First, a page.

So, this was trending the other day.
If you’re attempting anything of kingdom significance, there will be hecklers and haters. Expect it. It’s part of living in a broken world.
Of course, our greatest and only true adversary is Satan, who “accuses” us (Revelation 12:10), “schemes” against us (Ephesians 6:11) “prowls around like a roaring lion, looking for someone to devour (1 Peter 5:8), and comes to “steal, kill, and destroy (John 10:10).
But sometimes people try to pull us down, too…
Some do so unintentionally: Unsafe and unhealthy individuals aren’t usually the first to identify themselves as such. Hurting people hurt people…often without realizing it.
Some do so intentionally: Out of their own jealousy, judgemental attitude, bitterness, anger, fear, pride, etc.
Many do both.
So, what to do with the hecklers and haters in your life?
Scripture gives us some pretty clear advice on how to handle Satan, including putting on the full armor of God, being alert and of sober mind, knowing and using God’s word against the Devil’s lies, etc.
But people can be a bit more tricky. After all, we aren’t called to love Satan, but we are called to love our enemies and pray for those who persecute us. HOWEVER, that doesn’t mean just letting people walk all over us. That approach simply enables their dysfunctional behavior (which is unloving toward them) and ends us hurting us too. Without healthy boundaries, no one wins.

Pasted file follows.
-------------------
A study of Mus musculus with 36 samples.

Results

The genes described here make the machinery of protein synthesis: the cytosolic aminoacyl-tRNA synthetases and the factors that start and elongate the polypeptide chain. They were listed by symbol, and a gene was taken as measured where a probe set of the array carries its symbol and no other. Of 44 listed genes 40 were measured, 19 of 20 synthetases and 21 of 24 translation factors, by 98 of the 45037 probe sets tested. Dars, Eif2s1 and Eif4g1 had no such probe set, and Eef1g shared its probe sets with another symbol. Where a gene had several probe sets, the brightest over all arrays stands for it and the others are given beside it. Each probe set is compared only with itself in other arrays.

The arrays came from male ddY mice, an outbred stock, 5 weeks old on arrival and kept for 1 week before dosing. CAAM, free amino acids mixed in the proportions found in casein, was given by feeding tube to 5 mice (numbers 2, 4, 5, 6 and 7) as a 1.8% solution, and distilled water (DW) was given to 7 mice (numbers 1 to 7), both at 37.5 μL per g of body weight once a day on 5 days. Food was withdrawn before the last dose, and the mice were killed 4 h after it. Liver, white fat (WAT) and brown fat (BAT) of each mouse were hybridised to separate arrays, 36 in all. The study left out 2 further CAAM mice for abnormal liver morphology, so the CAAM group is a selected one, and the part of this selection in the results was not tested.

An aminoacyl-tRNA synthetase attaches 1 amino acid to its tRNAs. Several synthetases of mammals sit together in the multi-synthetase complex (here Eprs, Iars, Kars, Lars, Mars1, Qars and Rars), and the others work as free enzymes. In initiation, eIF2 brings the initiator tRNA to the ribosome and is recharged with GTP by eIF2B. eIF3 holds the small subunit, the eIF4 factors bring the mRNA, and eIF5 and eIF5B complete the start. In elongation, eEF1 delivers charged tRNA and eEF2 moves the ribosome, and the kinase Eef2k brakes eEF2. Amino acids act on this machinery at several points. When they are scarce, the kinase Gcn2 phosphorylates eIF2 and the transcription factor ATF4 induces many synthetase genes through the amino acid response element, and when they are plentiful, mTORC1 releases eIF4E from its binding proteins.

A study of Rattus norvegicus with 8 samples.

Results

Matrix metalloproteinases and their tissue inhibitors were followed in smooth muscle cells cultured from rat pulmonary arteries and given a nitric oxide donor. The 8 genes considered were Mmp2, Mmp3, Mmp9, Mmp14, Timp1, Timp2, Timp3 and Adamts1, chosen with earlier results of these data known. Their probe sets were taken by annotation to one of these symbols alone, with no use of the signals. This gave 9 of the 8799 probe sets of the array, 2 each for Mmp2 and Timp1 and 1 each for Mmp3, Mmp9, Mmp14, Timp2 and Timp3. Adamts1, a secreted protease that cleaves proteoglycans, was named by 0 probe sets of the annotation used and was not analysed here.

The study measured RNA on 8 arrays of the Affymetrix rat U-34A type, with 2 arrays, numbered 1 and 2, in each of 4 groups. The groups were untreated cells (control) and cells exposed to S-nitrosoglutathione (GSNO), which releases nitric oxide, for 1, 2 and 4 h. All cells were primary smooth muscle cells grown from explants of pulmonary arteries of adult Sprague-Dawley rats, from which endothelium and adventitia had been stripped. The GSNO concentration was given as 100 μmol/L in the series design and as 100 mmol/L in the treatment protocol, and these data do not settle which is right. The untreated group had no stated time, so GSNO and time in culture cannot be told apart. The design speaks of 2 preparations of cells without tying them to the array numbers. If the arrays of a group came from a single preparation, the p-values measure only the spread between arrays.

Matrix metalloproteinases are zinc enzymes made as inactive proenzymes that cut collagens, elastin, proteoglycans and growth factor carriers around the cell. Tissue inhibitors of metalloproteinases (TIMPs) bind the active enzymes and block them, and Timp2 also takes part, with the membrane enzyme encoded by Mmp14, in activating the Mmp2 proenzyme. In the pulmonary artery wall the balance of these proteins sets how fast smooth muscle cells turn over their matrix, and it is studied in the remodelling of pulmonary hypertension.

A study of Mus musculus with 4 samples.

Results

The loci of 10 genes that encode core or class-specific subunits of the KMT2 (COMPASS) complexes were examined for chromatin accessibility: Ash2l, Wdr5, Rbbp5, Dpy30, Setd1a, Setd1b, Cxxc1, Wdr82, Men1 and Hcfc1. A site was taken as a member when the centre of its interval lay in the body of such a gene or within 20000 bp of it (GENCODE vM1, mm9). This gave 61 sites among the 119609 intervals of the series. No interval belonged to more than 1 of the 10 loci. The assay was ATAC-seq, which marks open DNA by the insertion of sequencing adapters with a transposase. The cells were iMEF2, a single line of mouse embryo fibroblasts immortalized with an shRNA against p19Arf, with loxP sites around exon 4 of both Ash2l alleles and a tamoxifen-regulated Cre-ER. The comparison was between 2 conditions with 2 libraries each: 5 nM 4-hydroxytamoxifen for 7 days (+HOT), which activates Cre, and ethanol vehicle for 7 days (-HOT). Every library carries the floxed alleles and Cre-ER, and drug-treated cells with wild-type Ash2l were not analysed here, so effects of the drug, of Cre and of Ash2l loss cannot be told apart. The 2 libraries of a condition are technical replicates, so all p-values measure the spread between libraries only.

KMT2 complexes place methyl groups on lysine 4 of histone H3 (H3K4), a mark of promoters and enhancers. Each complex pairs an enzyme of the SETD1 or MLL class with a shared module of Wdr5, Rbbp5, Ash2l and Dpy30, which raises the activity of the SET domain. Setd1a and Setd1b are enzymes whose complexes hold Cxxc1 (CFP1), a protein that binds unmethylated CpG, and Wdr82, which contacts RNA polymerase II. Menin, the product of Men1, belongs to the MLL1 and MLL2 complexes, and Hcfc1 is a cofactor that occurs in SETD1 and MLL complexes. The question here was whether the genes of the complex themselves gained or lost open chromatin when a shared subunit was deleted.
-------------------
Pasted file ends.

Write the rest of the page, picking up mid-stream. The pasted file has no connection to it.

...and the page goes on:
I do believe that there is a time and a place to pull a McIlroy and eject the hecklers and haters from our lives… but it’s best to do so cautiously and deliberately.
First, we should check our motives. What’s going on in our hearts?Then, it’s wise to examine the situation and confirm that the person/people really are unsafe, unhealthy, etc. We may need outside counsel for this. In addition, we should always be open to reconciliation, and desire God’s best for everyone. Jesus gives us a helpful framework for dealing with fellow believers who have sinned against us in Matthew 18.
So lets say you’ve gone through all these steps and things still aren’t improving. In that case, it may be time for you to step away or it may be time to request that they step away.
This can be tricky, confrontational, scary, messy, etc. In fact, it usually is.
But consider the alternative: you live the rest of your life with close, constant, and unnecessary negativity and dysfunction. That’s like attaching a prison ball to your leg and trying to run a marathon. Good luck with that.
How have you handled the hecklers and haters in your life? Did anything in this post challenge you to think differently about the challenges you’re facing?
I will say that after pulling the plug, it’s absolutely vital for you to be praying for the people who have hurt or abused you – both for your sake and for theirs.
There is nothing healthy about holding onto bitterness, unforgiveness, or anger towards others. When we’re tempted to do so, praying for our enemies can help us have God’s heart for them. Plus, God can use our prayers to change them and bring about good.
There’s so much more that could be said about all this, but for the sake of time, I’m going to stop there for now. Feel free to chime in.